Whenever tempers flare and folks starting hurling insults and judgments at one another, my aunt likes to say, “When you point the finger at someone, remember that three fingers are pointing back at you.”
Her point puts a pause if not a period to most arguments.
The sage advice she so eloquently shares is actually a credit to the Navajo people. They are said to consider pointing the finger at someone as an overly emotional and unjustified reaction.
If there is a further lesson to learn from the Navajos, we humans (in every shade and class) should first look within before (if ever) pointing out the faults of others.
The Scripture puts it this way:
“Refuse to be a critic full of bias toward others, and judgment[a] will not be passed on you. 2 For you’ll be judged by the same standard that you’ve used to judge others. The measurement you use on them will be used on you.[b] 3 Why would you focus on the flaw in someone else’s life and yet fail to notice the glaring flaws of your own?[c] 4 How could you say to your friend, ‘Let me show you where you’re wrong,’ when you’re guilty of even more? 5 You’re being hypercritical and a hypocrite! First acknowledge your own ‘blind spots’ and deal with them, and then you’ll be capable of dealing with the ‘blind spot’ of your friend.[d] Matthew 7: 1-5 The Passion Translation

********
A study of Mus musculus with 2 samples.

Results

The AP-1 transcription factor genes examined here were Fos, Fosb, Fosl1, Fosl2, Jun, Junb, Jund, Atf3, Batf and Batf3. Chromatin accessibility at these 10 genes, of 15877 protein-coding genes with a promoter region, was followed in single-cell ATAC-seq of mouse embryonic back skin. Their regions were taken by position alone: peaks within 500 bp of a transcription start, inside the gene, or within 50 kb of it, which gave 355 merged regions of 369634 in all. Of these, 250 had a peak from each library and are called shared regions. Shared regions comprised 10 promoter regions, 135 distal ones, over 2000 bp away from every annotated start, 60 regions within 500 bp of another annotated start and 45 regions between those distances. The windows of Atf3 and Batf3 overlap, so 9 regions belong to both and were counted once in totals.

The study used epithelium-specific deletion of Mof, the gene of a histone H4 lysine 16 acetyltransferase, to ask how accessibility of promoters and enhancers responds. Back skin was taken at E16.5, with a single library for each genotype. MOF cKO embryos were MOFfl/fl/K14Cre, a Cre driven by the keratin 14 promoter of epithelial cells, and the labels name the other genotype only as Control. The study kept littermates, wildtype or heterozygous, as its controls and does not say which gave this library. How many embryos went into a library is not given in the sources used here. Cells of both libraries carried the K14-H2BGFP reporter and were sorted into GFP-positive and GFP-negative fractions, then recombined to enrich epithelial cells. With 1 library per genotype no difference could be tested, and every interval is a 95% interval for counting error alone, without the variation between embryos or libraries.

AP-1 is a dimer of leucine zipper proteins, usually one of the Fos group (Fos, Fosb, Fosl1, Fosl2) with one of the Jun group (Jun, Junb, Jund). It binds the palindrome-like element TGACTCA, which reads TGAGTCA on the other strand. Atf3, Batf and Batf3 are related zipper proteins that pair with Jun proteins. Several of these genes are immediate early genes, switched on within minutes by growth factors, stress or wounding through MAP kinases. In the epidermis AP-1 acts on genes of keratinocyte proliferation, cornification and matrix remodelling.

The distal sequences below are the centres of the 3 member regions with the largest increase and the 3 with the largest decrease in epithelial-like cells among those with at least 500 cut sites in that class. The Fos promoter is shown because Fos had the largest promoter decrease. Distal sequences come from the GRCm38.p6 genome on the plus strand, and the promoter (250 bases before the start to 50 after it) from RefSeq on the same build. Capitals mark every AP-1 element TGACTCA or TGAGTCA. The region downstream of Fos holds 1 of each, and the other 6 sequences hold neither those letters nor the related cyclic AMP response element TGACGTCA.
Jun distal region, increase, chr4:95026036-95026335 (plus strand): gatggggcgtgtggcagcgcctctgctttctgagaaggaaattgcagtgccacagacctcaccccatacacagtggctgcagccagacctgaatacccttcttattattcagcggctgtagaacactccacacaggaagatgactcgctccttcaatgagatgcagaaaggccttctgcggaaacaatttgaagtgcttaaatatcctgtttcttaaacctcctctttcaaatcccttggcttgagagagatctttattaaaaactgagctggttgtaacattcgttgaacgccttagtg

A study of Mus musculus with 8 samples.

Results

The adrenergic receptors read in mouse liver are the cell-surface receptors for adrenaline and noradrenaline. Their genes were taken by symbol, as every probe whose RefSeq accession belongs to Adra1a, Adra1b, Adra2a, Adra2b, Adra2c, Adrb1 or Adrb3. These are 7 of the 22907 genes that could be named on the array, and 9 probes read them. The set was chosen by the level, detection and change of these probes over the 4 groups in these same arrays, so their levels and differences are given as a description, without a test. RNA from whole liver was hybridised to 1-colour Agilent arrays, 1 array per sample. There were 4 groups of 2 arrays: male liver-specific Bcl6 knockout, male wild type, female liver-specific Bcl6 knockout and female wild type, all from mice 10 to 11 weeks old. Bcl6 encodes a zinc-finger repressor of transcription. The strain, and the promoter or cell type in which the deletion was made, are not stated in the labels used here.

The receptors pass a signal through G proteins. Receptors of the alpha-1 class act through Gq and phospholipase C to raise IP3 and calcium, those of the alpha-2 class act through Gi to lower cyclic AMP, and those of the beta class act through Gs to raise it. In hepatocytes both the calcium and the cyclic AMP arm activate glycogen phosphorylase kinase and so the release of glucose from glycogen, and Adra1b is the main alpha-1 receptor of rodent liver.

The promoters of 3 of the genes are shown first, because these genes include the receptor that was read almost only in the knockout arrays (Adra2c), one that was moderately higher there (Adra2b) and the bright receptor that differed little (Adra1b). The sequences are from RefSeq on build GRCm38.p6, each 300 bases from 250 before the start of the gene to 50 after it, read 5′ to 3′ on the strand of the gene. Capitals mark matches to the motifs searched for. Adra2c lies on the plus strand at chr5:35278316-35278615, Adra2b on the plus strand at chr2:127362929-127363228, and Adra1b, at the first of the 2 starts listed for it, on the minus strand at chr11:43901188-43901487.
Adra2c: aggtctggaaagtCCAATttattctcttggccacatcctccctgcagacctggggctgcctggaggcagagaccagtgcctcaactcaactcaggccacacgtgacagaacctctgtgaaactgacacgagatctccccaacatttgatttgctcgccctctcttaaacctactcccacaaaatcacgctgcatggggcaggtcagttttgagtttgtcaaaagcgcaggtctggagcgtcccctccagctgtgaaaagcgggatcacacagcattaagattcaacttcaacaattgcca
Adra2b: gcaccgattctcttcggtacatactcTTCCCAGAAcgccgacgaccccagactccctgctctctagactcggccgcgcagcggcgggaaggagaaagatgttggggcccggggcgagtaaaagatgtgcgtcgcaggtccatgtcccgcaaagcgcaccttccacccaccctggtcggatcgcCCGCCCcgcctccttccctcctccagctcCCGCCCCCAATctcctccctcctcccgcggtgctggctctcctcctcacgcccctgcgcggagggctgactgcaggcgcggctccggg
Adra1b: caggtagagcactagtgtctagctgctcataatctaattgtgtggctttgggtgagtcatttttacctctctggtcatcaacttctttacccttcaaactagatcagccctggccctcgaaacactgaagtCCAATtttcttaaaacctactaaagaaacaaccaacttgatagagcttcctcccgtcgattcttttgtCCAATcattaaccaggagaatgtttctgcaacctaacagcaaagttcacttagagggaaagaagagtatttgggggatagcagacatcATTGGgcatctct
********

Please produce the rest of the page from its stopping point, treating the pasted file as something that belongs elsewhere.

Paraphrased in the Message Bible, the same Scripture reads:
“Don’t pick on people, jump on their failures, criticize their faults— unless, of course, you want the same treatment. That critical spirit has a way of boomeranging. It’s easy to see a smudge on your neighbor’s face and be oblivious to the ugly sneer on your own. Do you have the nerve to say, ‘Let me wash your face for you,’ when your own face is distorted by contempt? It’s this whole traveling road-show mentality all over again, playing a holier-than-thou part instead of just living your part. Wipe that ugly sneer off your own face, and you might be fit to offer a washcloth to your neighbor.
My humble suggestion is that we train ourselves to do less of this (below)
And more of this ☝🏾.
Point up and allow God to be our judge and to show us our frailties so we can be better followers of Him.
May you forever stay focused on your purpose. Really, Leah.